Three peas in a pod.
I have yet to write on Barack Obama’s War on Libya. This is because admittedly, I haven’t kept up with what Moammar has been up to these past many years and because I more or less wanted to see how things were going to pan out before making a comment.
But more and more, Barack Obama’s War on Libya seems like a Clintonesque “wag the dog” scenario, in which military action is meant to make Obama look like a bad-ass and/or give him some other political benefit at least as much as it’s meant to do any actual good.
And remember George W. Bush’s “coalition of the willing,” a pathetic attempt to give the appearance that his Vietraq War had widespread global support, instead of the support pretty much only of Britain? Obama’s “coalition” against Moammar Ghadafi is almost as pathetic.
And war is always a great distraction, as the treasonous, unelected Bush regime knew fully well, although somehow when a Democratic president wages a war these days, the war doesn’t get very high ratings.
I don’t assert that Ghadafi is a great guy, but I have to agree with pundits’ assertion that Obama violated the U.S. Constitution when he took the U.S. to war (even an apparently minor war) without the approval of Congress. A president may take the nation to war without the approval of Congress only in cases of actual national self-defense. Obama said so himself in a presidential campaign questionnaire put before him by the Boston Globe in 2007 (this via Glenn Greenwald):
“The president does not have power under the Constitution to unilaterally authorize a military attack in a situation that does not involve stopping an actual or imminent threat to the nation.
“As commander in chief, the president does have a duty to protect and defend the United States. In instances of self-defense, the president would be within his constitutional authority to act before advising Congress or seeking its consent.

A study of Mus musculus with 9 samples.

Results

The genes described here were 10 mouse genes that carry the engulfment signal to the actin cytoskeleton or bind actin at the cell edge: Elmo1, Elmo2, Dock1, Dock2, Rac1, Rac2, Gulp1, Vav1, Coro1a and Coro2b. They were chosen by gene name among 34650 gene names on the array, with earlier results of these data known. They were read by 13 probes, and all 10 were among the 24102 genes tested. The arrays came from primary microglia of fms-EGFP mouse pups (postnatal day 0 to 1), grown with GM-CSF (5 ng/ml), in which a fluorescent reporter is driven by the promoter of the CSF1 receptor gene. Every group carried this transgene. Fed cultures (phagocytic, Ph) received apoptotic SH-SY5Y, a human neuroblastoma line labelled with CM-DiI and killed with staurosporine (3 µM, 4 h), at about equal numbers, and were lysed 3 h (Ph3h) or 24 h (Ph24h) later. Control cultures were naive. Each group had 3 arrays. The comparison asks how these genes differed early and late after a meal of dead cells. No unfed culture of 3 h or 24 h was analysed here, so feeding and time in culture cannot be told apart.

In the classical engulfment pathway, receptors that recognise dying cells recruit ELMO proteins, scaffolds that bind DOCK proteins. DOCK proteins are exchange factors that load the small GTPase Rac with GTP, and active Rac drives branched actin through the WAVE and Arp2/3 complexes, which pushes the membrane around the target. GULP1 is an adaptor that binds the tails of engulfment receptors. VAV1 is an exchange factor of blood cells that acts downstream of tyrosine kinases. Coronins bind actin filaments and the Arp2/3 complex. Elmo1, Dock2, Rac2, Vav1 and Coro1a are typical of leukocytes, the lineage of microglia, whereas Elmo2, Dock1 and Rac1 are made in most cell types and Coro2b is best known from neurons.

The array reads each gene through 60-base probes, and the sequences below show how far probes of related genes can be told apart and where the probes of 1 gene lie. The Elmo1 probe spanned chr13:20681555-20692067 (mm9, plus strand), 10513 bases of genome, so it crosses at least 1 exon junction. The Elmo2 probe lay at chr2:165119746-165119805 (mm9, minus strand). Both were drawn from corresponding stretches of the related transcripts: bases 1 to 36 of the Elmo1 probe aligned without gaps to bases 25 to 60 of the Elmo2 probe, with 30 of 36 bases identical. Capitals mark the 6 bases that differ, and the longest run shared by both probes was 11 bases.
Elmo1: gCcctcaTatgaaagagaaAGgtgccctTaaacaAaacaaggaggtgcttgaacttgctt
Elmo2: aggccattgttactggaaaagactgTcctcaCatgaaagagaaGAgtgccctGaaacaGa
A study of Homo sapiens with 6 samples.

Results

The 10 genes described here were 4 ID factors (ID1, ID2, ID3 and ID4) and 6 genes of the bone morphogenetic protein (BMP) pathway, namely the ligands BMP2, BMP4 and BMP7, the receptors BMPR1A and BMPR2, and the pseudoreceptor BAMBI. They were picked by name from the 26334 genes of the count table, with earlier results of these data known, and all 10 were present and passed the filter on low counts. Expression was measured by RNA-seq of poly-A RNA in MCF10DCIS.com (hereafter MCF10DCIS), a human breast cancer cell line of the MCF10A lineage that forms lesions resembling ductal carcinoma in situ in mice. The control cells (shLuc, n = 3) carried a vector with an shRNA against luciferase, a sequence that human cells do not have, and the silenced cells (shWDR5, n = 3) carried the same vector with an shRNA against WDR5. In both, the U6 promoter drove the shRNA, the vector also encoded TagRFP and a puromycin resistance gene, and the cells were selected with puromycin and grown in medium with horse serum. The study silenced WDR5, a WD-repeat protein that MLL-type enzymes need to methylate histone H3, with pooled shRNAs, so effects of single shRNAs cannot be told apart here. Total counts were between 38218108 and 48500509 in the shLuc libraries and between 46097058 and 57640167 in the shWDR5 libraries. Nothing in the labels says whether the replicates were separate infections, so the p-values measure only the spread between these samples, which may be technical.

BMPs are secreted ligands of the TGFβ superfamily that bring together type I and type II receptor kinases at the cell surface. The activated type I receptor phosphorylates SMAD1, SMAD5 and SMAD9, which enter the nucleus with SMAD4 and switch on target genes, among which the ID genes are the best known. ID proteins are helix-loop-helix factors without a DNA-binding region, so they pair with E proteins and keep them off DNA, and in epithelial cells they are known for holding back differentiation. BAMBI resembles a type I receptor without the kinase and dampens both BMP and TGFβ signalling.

“History has shown us time and again, however, that military action is most successful when it is authorized and supported by the Legislative branch. It is always preferable to have the informed consent of Congress prior to any military action.”
As Libya poses about as much of a threat to the United States as Iraq did before the Bush regime launched its illegal, immoral, unjust and unprovoked Vietraq War in March 2003, we can only conclude that Barack Obama has reneged on yet another campaign promise.
(Ironically, Obama’s answer to the abovementioned questionnaire’s last item included this gem: “[Every] president takes an oath to ‘preserve, protect and defend the Constitution of the United States.’ The American people need to know where we stand on these issues before they entrust us with this responsibility – particularly at a time when our laws, our traditions and our Constitution have been repeatedly challenged by this [the Bush] administration.”)
Of course, this is the very same Barack Obama who also in 2007 promised, “If American workers are being denied their right to organize and collectively bargain when I’m in the White House, I’ll put on a comfortable pair of shoes myself. I’ll walk on that picket line with you as president of the United States of America because workers deserve to know that somebody is standing in their corner.”
Of course, Obama didn’t even send Vice President Joe Biden or another proxy to Battleground Wisconsin, but instead he left what is left of the labor movement (after Ronald Reagan, George H.W. Bush, Bill Clinton and George W. Bush spent almost three decades dismantling it) on its own. Just like Bill Clinton would have done.
Barack Obama promised “hope” and “change,” at least implicitly promised that he was the next Howard Dean, the anti-Clinton (indeed, he was running against a Clinton in the drawn-out Democratic presidential primary season), but he is, for all intents and purposes, just another fucking Bill Clinton (at best), never missing an opportunity to sell out his base, which includes those of us who are against war except in clear-cut cases of national self-defense (and in limited instances otherwise — and only then with the consent of Congress) and who support the labor movement.
Barack Obama is dead to me, frankly. To me he is a sellout, just another fucking liar in Washington. However, unless he faces a strong challenger for the 2012 Democratic presidential nomination, just like it was with Bill Clinton, we most likely will be stuck with Obama — about whom, thus far, the only remarkable thing that history can record is that he was the first black president* — for another four more years.
Because Obama pretended to be another Howard Dean and thus inherited Dean’s base of support — without which Obama never would have made it to the White House — it seems to me that Howard Dean is the best candidate to try to knock Obama off of the presidential ballot in 2012. It seems to me that Dean’s former supporters — and they are legion — would prefer the real Dean to the cheap Dean knock-off that is Barack Obama.
At this point, however, I’ll support even a long shot, such as U.S. Rep. Dennis Kucinich, over Barack Obama, who isn’t getting another fucking penny from me, and certainly never again will he get my vote.
*And by itself, this just isn’t nearly fucking enough.